Musicians and social media go together like PB+J, though it seems as though sometimes it’s a love/hate relationship. There is always a new platform to sign up for, a new app to download, a check-in to make, a video to watch. As we all know, the internet can definitely suck up some time, and a musician would generally prefer to be creating music than poking around online. That’s why it is important to use these three guidelines to streamline your method of attack for social media to maximize it and make sure it’s working for you as an artist and promoter of your own music.
1. A Well Chosen Presence
You have to show up to the game to win it, so a social media presence for a working musician is absolutely necessary. Having a presence online lets fans and potential business partners like venues know that you’re a professional. Make sure not to scatter your energies, however. Take into account the social media accounts that you gravitate to as well as where most of your fans seem to congregate. Facebook is probably going to be one of them as it is the behemoth right now. If you are drawn to long form blogging, by all means do it. If Twitter calls to you, tweet away. Just don't force something that will only lead to a poorly updated blog on your website or a last tweet date of June 2014. Better to have a few well-matched platforms that you consistently update. Generally, it is recommended that you have a presence on Facebook, Instagram, and accounts at Youtube, Soundcloud, and Reverbnation for starters. If any other niche platforms pull you in, by all means participate.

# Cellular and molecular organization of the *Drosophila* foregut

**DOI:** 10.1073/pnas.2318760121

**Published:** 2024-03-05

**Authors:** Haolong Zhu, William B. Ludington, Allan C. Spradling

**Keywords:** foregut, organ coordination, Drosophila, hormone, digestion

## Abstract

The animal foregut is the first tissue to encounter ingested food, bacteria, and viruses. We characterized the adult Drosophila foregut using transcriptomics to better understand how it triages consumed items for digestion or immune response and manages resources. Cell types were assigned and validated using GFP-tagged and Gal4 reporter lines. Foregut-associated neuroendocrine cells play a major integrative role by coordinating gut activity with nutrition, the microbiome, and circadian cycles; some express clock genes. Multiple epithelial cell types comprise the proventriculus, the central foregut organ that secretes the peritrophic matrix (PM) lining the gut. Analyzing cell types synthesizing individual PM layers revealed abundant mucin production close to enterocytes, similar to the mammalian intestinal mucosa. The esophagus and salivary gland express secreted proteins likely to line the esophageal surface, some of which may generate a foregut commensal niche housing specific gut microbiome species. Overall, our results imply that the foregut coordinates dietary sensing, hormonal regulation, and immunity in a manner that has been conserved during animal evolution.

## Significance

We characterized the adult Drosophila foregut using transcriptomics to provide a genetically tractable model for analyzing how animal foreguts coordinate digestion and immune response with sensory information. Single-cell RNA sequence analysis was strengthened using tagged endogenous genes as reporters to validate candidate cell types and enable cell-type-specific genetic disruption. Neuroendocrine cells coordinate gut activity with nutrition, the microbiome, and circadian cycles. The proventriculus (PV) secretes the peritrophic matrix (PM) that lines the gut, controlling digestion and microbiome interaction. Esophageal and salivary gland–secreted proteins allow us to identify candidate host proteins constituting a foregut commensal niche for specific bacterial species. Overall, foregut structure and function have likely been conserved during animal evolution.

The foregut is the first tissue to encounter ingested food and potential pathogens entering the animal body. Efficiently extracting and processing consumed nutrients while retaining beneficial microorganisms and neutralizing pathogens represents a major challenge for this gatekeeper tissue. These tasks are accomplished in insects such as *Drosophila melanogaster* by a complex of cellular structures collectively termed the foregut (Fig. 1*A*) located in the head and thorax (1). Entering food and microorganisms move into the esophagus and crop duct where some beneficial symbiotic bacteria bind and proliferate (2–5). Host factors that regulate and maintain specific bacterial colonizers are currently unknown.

2. Consistent Action
Finding your voice on social media is a lot like finding your voice in music...you have to try a lot of things before it gets dialed in to something true to you. The general rule of 80/20 applies here: 80% of your posts should be about you as a whole person: your likes, thoughts, funny stories, great photos. 20% is reserved for the hard sell...gig promotion and pointing people to your music for sale. Respond to them when they comment, and build rapport with current and potential fans. You are looking for a long term relationship with each person, and that takes time and care to tend. Let them know who you are as a person and an artist and they'll be in your corner for your whole career.
3. Interesting Content
Once you’ve built your community on the platforms that suit you and your fan base, you need to keep creating interesting content that inspires people to talk about you. Youtube is a key tool; everyone uses it. Make lyric videos to your songs, simple but well-done live videos of you performing (not just loud venue cell phone recordings). Post photos and show posters. The key is to create content that people will share, and ask them to share it! Sometimes artists forget that part...a simple “Please share this song!” at the end of a video post does wonders.
Working on these three essential steps will bring your social media presence leaps and bounds ahead of thousands of other artists who phone it in and don’t pay attention to their fan base online. Nurture those dedicated fans, and they will nurture your career for the long run.